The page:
In Switzerland, a Christian Sense of Family and Country Prevents Deaths with Firearms

In Switzerland, a Christian Sense of Family and Country Prevents Deaths with FirearmsWhile the possession of weapons, including for military use, is widespread in Switzerland, crimes with firearms are so few that there are not even statistics about them, the BBC reported.

With a population of six million, the country has at least two million private firearms, including about 600,000 automatic assault rifles and 500,000 pistols.

Switzerland has a unique national defense system which it developed over many centuries as an authentic tradition.

The country requires every man to belong to a regional militia and to receive training for a few days or weeks per year during almost his whole life.

Between ages 21 and 32, men serve in the regular troops and receive an M-57 assault rifle and 24 clips of ammunition they must keep at home. Later they become part of the regional militia, which also require some training, in addition to keeping the weapons at home.

In addition to the government-provided weapons, there are almost no restrictions on gun purchases or sales, though some cantons limit bearing rights in some cases.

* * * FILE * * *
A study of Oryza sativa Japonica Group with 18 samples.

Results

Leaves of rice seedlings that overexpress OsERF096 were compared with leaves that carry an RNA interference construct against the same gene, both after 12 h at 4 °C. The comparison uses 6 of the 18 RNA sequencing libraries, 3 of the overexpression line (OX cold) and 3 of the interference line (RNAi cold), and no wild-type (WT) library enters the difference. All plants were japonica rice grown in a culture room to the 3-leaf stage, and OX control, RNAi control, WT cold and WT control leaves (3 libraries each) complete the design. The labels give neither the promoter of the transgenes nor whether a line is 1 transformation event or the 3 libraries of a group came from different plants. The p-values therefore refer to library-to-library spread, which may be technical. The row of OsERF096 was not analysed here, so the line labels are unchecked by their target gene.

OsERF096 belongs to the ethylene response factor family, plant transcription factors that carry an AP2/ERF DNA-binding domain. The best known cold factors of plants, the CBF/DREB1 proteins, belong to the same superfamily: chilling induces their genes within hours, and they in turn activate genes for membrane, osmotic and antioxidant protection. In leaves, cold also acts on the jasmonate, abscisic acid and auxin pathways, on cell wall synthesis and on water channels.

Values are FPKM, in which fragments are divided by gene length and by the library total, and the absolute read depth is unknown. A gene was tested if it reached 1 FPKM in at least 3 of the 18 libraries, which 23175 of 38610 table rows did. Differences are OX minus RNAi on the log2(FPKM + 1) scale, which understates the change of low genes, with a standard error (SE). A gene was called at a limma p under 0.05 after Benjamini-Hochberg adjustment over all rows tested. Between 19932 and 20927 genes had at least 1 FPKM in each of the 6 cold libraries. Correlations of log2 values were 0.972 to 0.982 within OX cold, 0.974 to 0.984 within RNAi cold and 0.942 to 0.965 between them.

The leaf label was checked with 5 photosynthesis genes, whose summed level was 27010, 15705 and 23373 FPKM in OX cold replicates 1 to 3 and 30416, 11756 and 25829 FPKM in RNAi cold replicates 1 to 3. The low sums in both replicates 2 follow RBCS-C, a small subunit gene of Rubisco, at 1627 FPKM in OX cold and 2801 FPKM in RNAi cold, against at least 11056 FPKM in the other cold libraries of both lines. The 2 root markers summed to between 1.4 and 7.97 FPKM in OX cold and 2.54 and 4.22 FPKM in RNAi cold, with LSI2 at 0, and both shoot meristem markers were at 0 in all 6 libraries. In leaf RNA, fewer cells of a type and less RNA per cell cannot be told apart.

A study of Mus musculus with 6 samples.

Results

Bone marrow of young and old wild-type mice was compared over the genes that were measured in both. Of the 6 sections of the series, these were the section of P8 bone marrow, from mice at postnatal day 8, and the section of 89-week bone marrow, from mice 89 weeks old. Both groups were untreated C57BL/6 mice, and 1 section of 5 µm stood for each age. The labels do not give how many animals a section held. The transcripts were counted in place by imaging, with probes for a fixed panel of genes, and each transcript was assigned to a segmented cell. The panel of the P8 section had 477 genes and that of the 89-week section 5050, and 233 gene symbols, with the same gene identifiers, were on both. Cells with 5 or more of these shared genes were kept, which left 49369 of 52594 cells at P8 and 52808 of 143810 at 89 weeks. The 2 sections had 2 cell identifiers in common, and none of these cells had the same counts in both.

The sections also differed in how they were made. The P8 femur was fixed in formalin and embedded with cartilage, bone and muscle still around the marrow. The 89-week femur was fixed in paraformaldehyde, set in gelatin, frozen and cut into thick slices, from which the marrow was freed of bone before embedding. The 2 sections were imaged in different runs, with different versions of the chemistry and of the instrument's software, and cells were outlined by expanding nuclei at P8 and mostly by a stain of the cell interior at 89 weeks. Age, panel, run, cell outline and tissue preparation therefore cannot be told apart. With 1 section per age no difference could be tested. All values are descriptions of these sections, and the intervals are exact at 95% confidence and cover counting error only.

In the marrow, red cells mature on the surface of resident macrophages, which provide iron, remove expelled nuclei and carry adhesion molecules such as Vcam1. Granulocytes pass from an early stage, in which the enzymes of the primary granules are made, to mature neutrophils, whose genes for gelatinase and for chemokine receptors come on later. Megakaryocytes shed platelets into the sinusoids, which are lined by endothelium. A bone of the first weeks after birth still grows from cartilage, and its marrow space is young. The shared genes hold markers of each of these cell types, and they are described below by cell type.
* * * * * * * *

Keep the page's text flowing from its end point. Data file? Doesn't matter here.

Swiss Grenadier caring his Sturmgewehr 90

Firearms are “anchored” in Swiss society to the point that controlling them is not a problem or a public issue. A sense of collective responsibility dispenses with the need for gun laws.

The government sells excess weapons to the public, especially when the army adopts new models. Public buildings have little police protection.

Yet, in spite of the massive numbers and availability of firearms, crimes practiced with them are extremely rare.

Mark Eisenecker, a sociologist at Zurich University, explains that firearms are “anchored” in Swiss society to the point that controlling them is not a problem or a public issue.

Swiss reality proves that the possession of firearms is not the cause of the crimes committed with them, just as possession of a kitchen knife is not the cause of a bloody crime perpetrated with it.

Several commentators believe that an explanation to the Swiss case is found in the fact that Switzerland lacks the social problems related with crimes with firearms in other countries.

There is little drug consumption nor does it have near the urban decay found in other countries, even in rich industrial countries.

A sense of collective responsibility dispenses with the need for gun laws. Furthermore, Switzerland has also preserved great familial, social and historic-cultural unity.

Swiss Army Sturmgewehr 90 assault rifle

The Sturmgewehr 90 assault rifle is issued to every man in the Swiss Army, and he must keep it with him at home.

From their earliest infancy, Swiss men and women are raised with the idea that firearms are made to defend their country.

These natural explanations acquired their present relevance after many centuries under the influence of Christian Civilization, which profoundly shaped the soul of the Swiss people.

The day this influence ceases under the blows of rampant secularism, Switzerland will also suffer from the ills of crime and state encroachment now plaguing de-Christianized countries.